Refugee Vietnamese Montagnards in Cambodia, who are a mostly Christian ethnic minority, are facing pressure to be forcibly returned to Vietnam if they do not agree to resettle abroad in a third country.
The situation faced by the Motagnards is a result of a January 25 agreement between the two governments and the United Nations High Commissioner for Refugees.
Many of the Montagnards under UNHCR protection have refused resettlement to a third country outside their region.
Some fear that if they go, they may not see their families or children again. Others want to wait until the religious and political persecution matters they faced in the Central Highlands of Vietnam are settled so they can return home safely, according to a report from Human Rights Watch, a New York based humanitarian aid organization.
According to the report, the Vietnamese government has promised not to punish Montagnards for having fled the Central Highlands of Vietnam which are located about 150 miles north of Ho Chi Minh city. However, there are no guarantees about protection from political and religious persecution once they return.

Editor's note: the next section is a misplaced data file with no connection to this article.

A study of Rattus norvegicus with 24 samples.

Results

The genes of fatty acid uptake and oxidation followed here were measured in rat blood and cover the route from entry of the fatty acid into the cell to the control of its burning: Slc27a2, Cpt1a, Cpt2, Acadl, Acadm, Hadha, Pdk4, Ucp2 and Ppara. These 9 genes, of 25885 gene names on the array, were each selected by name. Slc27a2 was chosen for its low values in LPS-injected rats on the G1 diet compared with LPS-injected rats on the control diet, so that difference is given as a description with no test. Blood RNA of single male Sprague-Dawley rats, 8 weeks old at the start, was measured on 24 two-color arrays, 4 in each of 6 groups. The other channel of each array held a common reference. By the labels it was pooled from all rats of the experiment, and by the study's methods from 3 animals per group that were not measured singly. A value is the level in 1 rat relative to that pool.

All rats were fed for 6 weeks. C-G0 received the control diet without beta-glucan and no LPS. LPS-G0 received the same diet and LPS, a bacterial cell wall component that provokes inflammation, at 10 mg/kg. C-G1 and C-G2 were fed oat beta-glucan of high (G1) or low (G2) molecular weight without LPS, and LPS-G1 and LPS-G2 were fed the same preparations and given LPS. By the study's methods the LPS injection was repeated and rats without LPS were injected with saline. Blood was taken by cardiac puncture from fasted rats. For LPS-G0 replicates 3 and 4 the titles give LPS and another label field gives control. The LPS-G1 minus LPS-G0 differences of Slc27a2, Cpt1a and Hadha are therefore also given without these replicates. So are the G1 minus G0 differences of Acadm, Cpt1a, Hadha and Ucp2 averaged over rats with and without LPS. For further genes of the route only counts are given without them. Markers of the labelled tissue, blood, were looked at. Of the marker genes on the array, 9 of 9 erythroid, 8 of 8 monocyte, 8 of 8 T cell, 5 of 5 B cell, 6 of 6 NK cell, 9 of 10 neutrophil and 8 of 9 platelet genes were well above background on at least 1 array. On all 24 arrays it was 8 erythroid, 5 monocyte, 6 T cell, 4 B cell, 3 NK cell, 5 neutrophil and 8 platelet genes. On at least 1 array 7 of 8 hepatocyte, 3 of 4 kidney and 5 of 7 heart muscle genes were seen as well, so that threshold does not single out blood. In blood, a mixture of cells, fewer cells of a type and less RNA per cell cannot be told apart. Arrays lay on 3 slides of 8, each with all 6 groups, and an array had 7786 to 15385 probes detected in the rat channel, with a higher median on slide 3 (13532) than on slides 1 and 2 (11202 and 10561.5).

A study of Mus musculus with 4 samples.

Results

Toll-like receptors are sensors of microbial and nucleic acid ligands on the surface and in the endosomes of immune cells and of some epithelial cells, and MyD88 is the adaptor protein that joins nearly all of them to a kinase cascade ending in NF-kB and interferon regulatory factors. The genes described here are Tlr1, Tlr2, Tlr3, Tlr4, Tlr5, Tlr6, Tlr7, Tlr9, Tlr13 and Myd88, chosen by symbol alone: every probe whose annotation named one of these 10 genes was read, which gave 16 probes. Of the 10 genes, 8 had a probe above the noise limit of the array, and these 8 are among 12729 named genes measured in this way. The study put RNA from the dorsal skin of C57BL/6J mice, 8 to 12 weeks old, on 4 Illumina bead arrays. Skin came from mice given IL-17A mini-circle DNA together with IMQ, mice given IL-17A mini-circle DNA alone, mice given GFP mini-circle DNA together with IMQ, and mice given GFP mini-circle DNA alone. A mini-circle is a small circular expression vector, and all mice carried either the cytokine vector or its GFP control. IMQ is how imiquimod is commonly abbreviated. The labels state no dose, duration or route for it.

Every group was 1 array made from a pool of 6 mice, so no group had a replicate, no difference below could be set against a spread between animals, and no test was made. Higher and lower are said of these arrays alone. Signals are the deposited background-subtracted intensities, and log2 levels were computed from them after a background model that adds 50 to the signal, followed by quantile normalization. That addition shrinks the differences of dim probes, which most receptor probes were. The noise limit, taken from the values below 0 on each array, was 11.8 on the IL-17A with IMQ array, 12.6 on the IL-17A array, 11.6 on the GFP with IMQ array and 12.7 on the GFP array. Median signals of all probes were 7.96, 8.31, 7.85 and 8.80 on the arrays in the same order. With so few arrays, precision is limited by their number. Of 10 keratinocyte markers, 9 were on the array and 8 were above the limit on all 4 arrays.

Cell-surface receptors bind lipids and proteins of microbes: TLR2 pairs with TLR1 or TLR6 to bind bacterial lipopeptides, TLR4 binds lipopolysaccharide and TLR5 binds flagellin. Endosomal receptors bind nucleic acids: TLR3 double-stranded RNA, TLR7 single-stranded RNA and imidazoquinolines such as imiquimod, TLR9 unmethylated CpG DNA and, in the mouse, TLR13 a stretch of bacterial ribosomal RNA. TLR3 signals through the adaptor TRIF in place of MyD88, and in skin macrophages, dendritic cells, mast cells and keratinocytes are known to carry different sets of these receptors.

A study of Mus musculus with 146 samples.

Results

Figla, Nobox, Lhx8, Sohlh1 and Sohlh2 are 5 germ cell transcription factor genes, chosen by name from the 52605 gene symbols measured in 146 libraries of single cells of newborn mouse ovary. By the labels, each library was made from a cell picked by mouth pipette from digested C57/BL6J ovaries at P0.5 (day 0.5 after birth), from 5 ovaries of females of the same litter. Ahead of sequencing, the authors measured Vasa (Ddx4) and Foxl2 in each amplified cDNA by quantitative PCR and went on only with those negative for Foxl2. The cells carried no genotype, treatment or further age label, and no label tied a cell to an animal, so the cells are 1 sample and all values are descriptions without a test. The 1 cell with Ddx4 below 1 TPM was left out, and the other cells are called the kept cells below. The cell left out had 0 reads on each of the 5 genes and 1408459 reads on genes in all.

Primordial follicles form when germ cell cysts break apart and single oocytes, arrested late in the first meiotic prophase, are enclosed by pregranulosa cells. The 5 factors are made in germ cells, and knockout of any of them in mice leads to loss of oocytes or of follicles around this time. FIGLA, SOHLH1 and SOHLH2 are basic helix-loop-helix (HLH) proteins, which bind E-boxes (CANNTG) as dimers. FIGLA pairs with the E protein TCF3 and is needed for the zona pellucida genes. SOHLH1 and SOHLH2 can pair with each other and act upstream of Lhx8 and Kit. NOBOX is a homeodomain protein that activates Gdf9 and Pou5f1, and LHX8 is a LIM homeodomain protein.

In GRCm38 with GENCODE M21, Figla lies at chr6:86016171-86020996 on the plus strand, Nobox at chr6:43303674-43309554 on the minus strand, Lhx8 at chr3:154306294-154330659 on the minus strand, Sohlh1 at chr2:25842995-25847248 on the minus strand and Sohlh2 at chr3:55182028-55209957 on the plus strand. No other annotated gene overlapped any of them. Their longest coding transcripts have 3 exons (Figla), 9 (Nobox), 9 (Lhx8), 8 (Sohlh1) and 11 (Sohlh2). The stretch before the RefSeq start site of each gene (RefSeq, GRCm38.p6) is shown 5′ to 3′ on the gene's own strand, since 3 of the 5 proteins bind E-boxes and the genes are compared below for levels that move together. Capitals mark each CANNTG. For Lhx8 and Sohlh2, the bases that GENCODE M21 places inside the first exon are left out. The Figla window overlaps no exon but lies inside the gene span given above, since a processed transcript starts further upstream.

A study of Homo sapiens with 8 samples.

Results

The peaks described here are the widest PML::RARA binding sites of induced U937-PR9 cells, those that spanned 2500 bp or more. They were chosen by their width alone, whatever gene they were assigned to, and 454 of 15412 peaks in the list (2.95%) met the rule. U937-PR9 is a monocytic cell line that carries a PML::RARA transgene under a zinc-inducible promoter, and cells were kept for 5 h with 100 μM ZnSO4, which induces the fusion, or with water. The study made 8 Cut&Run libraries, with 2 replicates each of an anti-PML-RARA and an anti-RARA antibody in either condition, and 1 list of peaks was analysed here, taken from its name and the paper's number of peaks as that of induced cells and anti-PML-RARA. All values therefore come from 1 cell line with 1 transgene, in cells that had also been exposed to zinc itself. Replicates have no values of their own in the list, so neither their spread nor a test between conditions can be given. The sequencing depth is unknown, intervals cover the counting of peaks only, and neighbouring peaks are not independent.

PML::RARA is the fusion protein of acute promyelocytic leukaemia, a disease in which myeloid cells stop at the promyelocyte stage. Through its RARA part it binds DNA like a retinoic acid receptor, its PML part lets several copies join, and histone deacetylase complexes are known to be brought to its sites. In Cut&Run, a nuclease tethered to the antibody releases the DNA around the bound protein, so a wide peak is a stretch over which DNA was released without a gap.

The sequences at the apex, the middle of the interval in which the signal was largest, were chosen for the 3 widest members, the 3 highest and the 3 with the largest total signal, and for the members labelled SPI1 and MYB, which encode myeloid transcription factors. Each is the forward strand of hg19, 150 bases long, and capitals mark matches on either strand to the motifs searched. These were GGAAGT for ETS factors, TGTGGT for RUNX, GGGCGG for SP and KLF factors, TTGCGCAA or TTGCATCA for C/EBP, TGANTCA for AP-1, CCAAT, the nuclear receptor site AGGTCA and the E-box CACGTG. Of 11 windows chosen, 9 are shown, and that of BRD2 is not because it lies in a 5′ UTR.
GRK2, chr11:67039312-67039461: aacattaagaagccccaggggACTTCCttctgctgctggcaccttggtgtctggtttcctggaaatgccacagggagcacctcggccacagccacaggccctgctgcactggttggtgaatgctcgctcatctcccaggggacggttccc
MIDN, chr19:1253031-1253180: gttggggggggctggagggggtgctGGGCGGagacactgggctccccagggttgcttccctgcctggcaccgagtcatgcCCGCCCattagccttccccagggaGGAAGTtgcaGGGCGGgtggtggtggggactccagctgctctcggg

Many fear for their safety because the Vietnamese government does not allow UNHCR or independent monitors into the Central Highlands to ensure their safe return. The January agreement says only that the government will consult and cooperate with the UNHCR at an appropriate time regarding visits to returnees. This has not yet resulted in access to Montagnards, according to the report.
Last year, Montaganards staged Easter weekend protests condemning widespread confiscation of their ancestral lands and religious repression. This resulted in bloody crackdowns that left at least 10 Montagnards dead. The region has been in a state of unrest since protests began in 2001.
Presently, about 180 Montagnards have been imprisoned since 2001 with sentences of up to 13 years for their political and religious activities, or for attempting to flee to Cambodia, according to the report.